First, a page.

CINDERELLA 2: DVD
Cinderella is now firmly established in the palace. In these three stories, we find out
that putting on the glass slipper wasn't the end of her tale. In the first, Cinderella is
given the task of organising her first royal ball; but the strict protocols in place make
her job much more difficult than she imagined. She decides to simply be herself and
sidestep the protocols. In the second, feeling left out, Jaq the mouse decides he wants to
be human, so he can go back to helping Cinderella. The fairy godmother obliges, but life
in the human world isn't everything it's cracked up to be. And in the third, Cinderella
teaches Anastasia, one of the ugly step-sisters, how to smile. This leads her to find a
love of her own.
Review by David Edwards:
Cinderella II (Dreams Come True) is a fine example of just what Disney does best. In this
charming DVD squarely aimed at the under-10 market, it starts with a classic story which
is taken further, broadening children's ideas about the story in an accessible way.
Of course, the original Cinderella (made in 1950) was a considerably sanitised version of
the traditional tale. Where Cinderella II stands out is that it urges children to consider
what might have happened after the "happily ever after" in the original. I guess
for adults it's not too much of a stretch to work out that despite some tribulations, she
does indeed live happily, but for youngsters, it's a welcome challenge for them to think
about such things. The approach leaves children with the original fable intact, while they
have the opportunity to go further with it.
Parents will also welcome the "storybook" feature on this DVD. Basically, it's
an interactive story in which the words appear on the screen, and children have the choice
to either read it themselves, or to read along with a narrator. The game provided,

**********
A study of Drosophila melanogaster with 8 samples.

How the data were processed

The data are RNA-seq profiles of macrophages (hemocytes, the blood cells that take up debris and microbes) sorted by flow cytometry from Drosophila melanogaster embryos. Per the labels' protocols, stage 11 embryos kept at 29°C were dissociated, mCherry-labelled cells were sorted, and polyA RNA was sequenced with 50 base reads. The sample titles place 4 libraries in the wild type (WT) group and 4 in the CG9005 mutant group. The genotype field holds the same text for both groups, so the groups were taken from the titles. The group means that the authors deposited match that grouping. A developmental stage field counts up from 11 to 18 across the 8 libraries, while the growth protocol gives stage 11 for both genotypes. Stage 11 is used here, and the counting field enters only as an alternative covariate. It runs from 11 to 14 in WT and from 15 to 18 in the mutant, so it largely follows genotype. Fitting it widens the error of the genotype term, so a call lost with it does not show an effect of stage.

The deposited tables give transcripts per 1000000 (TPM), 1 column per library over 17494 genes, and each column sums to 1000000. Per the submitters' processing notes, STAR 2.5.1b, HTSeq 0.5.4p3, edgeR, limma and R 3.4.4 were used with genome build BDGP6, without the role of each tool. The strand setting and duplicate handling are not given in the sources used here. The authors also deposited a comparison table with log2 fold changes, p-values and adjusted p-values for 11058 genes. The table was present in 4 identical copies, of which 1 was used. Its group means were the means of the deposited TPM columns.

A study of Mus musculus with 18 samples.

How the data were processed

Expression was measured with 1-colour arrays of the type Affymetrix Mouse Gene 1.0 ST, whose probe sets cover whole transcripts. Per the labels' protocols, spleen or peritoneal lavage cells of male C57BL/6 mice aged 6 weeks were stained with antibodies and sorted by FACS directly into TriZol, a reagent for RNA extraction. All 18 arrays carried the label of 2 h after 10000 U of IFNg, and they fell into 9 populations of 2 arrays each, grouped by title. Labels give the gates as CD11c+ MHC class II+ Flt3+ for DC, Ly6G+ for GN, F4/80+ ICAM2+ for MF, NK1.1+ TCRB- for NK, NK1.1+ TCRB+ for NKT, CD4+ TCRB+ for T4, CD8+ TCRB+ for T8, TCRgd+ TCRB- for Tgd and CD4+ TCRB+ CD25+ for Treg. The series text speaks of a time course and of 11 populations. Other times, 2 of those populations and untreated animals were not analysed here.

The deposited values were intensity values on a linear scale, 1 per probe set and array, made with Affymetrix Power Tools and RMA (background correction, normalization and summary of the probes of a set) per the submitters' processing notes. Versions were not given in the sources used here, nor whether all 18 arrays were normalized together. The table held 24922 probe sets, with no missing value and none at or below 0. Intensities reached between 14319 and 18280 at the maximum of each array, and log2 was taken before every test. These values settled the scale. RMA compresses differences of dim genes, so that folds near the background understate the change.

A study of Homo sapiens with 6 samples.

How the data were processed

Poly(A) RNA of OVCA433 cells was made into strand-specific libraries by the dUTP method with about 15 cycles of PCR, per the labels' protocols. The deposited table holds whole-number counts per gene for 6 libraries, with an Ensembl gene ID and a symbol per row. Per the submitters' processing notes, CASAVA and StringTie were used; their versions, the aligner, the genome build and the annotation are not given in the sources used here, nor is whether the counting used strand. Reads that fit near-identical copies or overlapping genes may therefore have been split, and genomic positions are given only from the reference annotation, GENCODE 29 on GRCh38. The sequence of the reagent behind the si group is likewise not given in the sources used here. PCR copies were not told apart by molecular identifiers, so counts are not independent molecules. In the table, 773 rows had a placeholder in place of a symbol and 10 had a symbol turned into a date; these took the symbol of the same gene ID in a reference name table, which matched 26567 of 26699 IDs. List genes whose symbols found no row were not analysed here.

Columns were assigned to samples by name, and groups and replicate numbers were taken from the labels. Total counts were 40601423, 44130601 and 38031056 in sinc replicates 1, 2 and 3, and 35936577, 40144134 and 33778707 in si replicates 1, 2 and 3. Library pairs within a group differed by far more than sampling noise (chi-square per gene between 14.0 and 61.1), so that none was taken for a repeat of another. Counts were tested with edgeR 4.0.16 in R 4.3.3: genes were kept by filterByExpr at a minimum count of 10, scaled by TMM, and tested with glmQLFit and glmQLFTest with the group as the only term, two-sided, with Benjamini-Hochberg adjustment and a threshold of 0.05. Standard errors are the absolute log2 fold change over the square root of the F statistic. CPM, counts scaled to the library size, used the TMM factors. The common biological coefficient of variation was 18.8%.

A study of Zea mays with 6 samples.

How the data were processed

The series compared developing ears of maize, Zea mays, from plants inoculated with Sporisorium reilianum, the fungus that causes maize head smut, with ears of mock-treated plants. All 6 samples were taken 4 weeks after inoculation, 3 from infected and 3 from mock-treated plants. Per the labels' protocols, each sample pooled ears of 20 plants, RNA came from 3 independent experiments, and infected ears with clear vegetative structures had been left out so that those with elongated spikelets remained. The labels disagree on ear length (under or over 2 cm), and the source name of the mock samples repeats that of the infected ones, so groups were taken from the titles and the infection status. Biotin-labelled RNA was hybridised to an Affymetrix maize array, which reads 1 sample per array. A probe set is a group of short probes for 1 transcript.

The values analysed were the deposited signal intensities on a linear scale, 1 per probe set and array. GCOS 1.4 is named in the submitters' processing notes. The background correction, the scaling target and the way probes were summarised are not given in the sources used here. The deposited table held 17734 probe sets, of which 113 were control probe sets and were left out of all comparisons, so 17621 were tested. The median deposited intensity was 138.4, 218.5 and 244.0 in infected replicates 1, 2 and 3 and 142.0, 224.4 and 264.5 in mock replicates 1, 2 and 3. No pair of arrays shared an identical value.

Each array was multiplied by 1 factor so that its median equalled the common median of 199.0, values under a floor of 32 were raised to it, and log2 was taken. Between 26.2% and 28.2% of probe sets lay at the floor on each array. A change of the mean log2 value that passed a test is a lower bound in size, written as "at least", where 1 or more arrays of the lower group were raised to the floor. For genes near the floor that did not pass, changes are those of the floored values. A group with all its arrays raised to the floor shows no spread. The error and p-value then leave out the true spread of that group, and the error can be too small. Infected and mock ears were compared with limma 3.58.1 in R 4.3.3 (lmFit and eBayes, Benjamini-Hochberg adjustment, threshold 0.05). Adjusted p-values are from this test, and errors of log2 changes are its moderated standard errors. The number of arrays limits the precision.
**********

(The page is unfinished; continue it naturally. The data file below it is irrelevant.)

Cinderella's Enchanted Castle, may prove a little difficult for younger viewers, but those
over school age shouldn't have too much difficulty with it.
The three stories are quite charming in their own way. None of them result in anything
that could be called a surprising outcome, but they clearly kept the interest of my two
very able junior critics (aged 5 and 7). The third story is probably the most emotionally
powerful, as it's essentially a reworking of the original tale; but it's disguised enough
that children will find it sufficiently different. The first instalment focuses on being
yourself and remembering your friends; while the second is a fish-out-of-water tale with
Jaq the mouse becoming human.
The animation follows closely the line and colour approach of the original film, with the
crispness of the vibrant palette transferring perfectly to DVD. It is presented in 16:9
format, with Dolby 5.1 stereo sound; making the experience all the more entertaining for
Along with the storybook and game, the DVD features a "behind the scenes" look
at the music in the film, and a music video clip. I must admit neither of these
particularly fascinated my expert commentators, but they were much more excited by the
game at that stage.
For those with younger children, Cinderella II (Dreams Come True) will undoubtedly prove
to be a worthwhile investment. The classic Disney conventions will keep kids entranced for
hours. And, thankfully, in this case, they might just learn something as well.
Published July 4, 2002
Email this article
You can buy it HERE - next day delivery within Australia
CINDERELLA 2 (DREAMS OOME TRUE) (G)
VOICES: Jennifer Hale, Tress MacNeill, Rob Paulsen, Corey Burton
DIRECTOR: John Kafka
RUNNING TIME: 70 minutes
SPECIAL FEATURES: Story book - "A Little Misunderstanding"; "Cinderella's Enchanted Castle" interactive game; "Musical magic" featurette, "Put it Together" music video.
DVD DISTRIBUTOR: Disney DVD
DVD RELEASE: March 20, 2002
RIVERSIDE SNEAK PEEK PREMIERES
A program of premiere screenings of new movies prior to their commercial release
on 4 consecutive Tuesdays in February, following a FREE introductory screening on February 17, 2015 at Riverside Theatre,
Curated & presented by Andrew L. Urban, discussion to
follow with special guests. Briefing notes provided.